This past weekend, Dance and Stepping at Amherst College (DASAC) performed their spring show in Keefe Campus Center’s Friedmann Room titled “DASAC Gets Out.” DASAC, Amherst’s student-run dance group focused on hip-hop, Caribbean and other dance styles originating from the black diaspora, celebrated its 15th anniversary with this show. The group was founded by black and brown students disappointed at the lack of representation of black dance. Each semester, the show is given a culturally relevant theme (last semester, the show was an homage to Beyonce’s newest album “Lemonade”).
The faculty in the English department took steps last year towards a connection with the theater and dance department by allowing playwriting classes to be counted for English course credit. This semester, their relationship has grown even further. The Green Room, a student-directed theater group that is not part of the theater department, brought these two departments closer together by hosting a playwriting competition.
“Being a Human in STEM” is a project-based course designed by students and chemistry professor Sheila Jaswal. The course, offered as a Chemistry special topics class, aims to foster a more inclusive, supportive STEM community and develop a framework for students and faculty to both understand and navigate diverse identities in the classroom and beyond.
On Good Friday, living rap legend Kendrick Lamar released his fourth studio album entitled “DAMN.” The album has already received rave reviews, despite being a significant departure from the heavy 70’s jazz vibe of his last project, “To Pimp a Butterfly.” His first song, “BLOOD,” is a narrative over a calm yet chilling beat. He tells the story of an interaction with a blind woman, who tells him he has lost his life, before a gunshot is heard. A Fox News audio clip disparaging lyrics from Kendrick’s other songs follows up the narrative.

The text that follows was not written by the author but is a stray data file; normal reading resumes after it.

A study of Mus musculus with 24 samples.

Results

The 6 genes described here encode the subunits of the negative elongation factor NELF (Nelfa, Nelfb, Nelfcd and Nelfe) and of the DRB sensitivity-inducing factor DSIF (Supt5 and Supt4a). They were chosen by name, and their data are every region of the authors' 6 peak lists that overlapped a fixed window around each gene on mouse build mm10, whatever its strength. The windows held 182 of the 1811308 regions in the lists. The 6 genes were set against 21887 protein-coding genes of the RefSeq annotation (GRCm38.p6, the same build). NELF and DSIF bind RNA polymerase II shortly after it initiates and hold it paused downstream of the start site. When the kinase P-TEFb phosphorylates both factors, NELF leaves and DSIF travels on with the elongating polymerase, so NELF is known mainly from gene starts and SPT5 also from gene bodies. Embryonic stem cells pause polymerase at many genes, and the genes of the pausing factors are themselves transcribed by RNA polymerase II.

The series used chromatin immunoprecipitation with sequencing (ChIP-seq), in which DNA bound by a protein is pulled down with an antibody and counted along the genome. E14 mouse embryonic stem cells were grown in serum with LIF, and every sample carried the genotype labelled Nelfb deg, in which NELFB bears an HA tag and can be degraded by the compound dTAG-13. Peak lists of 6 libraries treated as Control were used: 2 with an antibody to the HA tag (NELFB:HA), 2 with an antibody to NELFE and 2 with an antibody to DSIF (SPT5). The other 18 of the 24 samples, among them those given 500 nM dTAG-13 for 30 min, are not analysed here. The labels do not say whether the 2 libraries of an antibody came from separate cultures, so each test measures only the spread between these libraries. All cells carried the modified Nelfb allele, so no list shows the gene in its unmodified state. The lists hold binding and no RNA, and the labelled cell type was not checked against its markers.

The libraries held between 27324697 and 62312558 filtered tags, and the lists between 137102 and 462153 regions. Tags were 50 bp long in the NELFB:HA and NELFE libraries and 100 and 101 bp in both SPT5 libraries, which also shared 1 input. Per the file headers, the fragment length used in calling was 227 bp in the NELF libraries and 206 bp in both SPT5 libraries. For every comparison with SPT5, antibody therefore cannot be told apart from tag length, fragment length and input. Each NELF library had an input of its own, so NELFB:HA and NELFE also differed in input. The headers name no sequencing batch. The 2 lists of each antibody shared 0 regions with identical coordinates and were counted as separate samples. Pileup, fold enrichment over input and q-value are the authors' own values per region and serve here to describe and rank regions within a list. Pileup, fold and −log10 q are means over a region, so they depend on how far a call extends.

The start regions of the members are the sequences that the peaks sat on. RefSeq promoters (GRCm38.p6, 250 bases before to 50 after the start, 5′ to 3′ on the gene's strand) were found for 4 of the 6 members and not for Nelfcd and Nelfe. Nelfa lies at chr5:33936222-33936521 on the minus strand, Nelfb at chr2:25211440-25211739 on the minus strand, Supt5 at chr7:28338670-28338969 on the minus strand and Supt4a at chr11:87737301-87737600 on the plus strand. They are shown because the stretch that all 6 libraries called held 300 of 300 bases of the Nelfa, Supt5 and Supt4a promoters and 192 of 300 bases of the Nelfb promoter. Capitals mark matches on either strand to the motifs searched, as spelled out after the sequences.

All the world is a stage, and identity is a performance. Each instance of our lives is a dynamic reaction between our personal microcosms and macrocosms, which manufactures memories, histories and our perceptions of ourselves and others. The tradition of the American stage has been, in theory, defined by free agency and personal choice. America tells us that we decide what personas we want to perform, that we get to decide how we relate to individuals and society. Our identities are an improvisational piece largely perpetuated by our desire, personal choice and commitment.
Alexander Pushkin is Russia’s national poet, and “Eugene Onegin” is his most resonant masterpiece. It is no easy feat to transfer the life of poetry to the stage, but it was the burden director Rimas Tuminas had to bear in his much-anticipated and much-acclaimed reimagination of Pushkin’s seminal poem. The production, shown in Amherst Cinema, lasts a little under two hundred minutes, and in that time presents a jarringly contorted vision of the world of “Onegin,” one in which regret mangles its chronology.
Before Polina Barskova began to read her poems this past Sunday afternoon at the Jones Library in Amherst, she said something very wise: “Poetry is not to be understood but to be dealt with.” This comment proved to be especially fitting, at least for me, as she continued to read three of her wonderful poems in the original Russian — a language completely foreign to me — along with the accompanying English translations.